It’s tax time. The filing deadline for individual federal income tax returns is Tuesday, April 17, 2018. For many business owners, the Schedule K-1 is an integral part of their tax filing.
Schedule K-1 is the form promulgated by the IRS that reports the amounts of income to be passed through a limited liability company to its owners. Not to be confused with K2, which is shorthand for Mount Goodwin-Austen, the second highest mountain in the world. K2 towers 28,251 feet above sea level and is located on the border between Pakistan and China. Approximately one in four who attempt to summit K2, perish in the attempt.
What do the Schedule K-1 and the mountain K2 have in common other than a similar alphanumeric designation? With a little poetic license, both represent challenge, peril, and opportunity. One memorializes the climb to profitability, while the other represents the challenge of the climb.
For most LLC members, receiving an annual K-1 is perfunctory. But when disputes arise between and among LLC members, an all too common side effect is that dissemination of K-1s is delayed or denied entirely. IRS regulations require companies to send K-1s to all members on a timely basis so that income can be claimed and taxes paid. Yet, it is only the IRS that has the right to enforce the timely dissemination obligation regulations. So, what’s a member to do?
First, speak with your accountant, who may suggest seeking an extension, or filing a return with an estimated income along with an explanation for the absence of the K-1 and an expressed intent to amend the return when additional information is available.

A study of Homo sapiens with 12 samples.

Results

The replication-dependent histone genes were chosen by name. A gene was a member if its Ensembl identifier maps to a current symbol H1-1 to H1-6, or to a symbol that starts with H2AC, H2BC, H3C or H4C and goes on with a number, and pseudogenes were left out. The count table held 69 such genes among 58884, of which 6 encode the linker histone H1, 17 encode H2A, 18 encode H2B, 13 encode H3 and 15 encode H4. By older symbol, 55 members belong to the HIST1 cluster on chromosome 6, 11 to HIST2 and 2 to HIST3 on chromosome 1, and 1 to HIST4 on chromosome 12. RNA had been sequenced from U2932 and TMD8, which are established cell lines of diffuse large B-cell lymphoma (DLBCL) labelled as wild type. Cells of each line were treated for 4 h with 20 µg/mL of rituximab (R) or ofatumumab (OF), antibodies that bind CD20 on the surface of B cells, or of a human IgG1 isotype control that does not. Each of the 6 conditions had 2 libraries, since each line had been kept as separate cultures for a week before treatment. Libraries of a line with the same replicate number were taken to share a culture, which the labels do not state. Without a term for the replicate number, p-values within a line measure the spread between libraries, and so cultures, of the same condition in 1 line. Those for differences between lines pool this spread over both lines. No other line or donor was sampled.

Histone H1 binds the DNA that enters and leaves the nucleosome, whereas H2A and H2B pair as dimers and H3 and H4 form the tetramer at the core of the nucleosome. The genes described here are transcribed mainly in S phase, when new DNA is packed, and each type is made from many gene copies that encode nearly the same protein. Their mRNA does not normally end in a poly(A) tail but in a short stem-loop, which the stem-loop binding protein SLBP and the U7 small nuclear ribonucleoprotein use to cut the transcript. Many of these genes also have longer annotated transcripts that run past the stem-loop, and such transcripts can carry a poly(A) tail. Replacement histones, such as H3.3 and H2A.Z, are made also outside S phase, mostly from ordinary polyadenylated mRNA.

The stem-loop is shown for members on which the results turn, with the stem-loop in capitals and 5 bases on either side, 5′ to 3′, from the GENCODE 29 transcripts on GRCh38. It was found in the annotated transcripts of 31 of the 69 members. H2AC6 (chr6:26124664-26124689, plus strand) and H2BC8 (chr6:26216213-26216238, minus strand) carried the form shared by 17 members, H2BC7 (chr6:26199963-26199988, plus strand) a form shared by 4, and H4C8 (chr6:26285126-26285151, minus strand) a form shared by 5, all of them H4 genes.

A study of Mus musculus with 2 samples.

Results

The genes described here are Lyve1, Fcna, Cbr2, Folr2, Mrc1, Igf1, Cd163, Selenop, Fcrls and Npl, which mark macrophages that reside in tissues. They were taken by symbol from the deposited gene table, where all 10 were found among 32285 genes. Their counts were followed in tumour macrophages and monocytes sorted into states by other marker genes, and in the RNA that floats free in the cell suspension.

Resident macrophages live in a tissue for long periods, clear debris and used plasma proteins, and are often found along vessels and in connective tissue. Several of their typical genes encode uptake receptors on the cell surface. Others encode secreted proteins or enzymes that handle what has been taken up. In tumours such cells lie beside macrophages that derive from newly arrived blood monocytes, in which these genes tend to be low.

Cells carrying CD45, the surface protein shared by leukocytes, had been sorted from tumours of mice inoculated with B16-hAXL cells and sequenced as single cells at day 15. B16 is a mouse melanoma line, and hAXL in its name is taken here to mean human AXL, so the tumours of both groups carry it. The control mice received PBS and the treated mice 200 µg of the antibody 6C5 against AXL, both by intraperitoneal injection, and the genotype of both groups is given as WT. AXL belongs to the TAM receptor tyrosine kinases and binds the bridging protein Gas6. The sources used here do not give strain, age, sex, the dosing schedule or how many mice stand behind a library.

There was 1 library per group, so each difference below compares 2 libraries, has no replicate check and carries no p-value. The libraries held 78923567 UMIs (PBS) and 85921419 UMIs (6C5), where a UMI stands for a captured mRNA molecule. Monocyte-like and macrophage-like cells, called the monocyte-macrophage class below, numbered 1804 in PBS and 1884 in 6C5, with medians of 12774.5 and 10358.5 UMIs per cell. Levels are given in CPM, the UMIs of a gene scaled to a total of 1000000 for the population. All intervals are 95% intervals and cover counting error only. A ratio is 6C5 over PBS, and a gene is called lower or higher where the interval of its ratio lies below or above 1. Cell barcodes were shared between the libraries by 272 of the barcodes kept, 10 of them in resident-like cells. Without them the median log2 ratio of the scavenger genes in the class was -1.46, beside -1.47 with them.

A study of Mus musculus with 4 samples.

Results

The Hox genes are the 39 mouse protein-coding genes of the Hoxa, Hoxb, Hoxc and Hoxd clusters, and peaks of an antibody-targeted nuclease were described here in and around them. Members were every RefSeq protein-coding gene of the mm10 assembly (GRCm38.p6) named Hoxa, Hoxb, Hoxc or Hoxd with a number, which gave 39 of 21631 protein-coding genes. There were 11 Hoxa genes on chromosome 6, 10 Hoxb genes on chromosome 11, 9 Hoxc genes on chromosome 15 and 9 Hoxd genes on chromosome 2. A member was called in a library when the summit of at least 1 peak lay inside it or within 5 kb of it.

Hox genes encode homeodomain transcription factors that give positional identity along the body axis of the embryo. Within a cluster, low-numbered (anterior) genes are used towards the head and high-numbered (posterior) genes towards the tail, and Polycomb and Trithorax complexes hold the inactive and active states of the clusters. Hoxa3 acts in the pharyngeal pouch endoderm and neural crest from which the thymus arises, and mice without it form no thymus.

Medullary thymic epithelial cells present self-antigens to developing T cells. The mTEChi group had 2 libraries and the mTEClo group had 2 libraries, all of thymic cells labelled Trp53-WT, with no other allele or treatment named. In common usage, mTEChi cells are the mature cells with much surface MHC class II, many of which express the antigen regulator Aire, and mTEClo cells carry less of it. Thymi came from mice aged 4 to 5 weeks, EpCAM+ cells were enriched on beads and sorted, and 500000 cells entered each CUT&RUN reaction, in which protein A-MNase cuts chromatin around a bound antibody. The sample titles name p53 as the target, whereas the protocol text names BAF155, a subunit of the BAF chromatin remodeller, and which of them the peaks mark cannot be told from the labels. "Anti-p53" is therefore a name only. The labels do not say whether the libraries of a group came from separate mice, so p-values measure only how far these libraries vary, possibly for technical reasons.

Second, make a formal written demand on the company’s management, and its accountant, for the K-1. While you’re at it, demand access to all the books and records of the company, as discussed in a prior blog post, “You Want to See My What?!?: An Owner’s Right to Inspect Business Records.” If you’re not getting your K-1, it’s a red flag. The sooner you know what’s going on behind the curtain, the better.
If those efforts bear no fruit, consult with an attorney who can file a lawsuit to compel the production of your K-1, if necessary. Like a good Sherpa, an experienced lawyer can serve as your guide. Likely, your company’s operating agreement obligates management to provide you with your K-1. If so, the failure to do so would constitute a breach of contract. Even without a contractual provision, management has a fiduciary duty to operate the company in compliance with state and federal law, including IRS regulations. Failure to fulfill that obligation may give rise to a claim against an individual manager for breach of fiduciary duty.
Whether you are ascending a mountain or running a business with recalcitrant co-owners, having access to the right equipment, information, and support team is vital. Gather these components and keep climbing!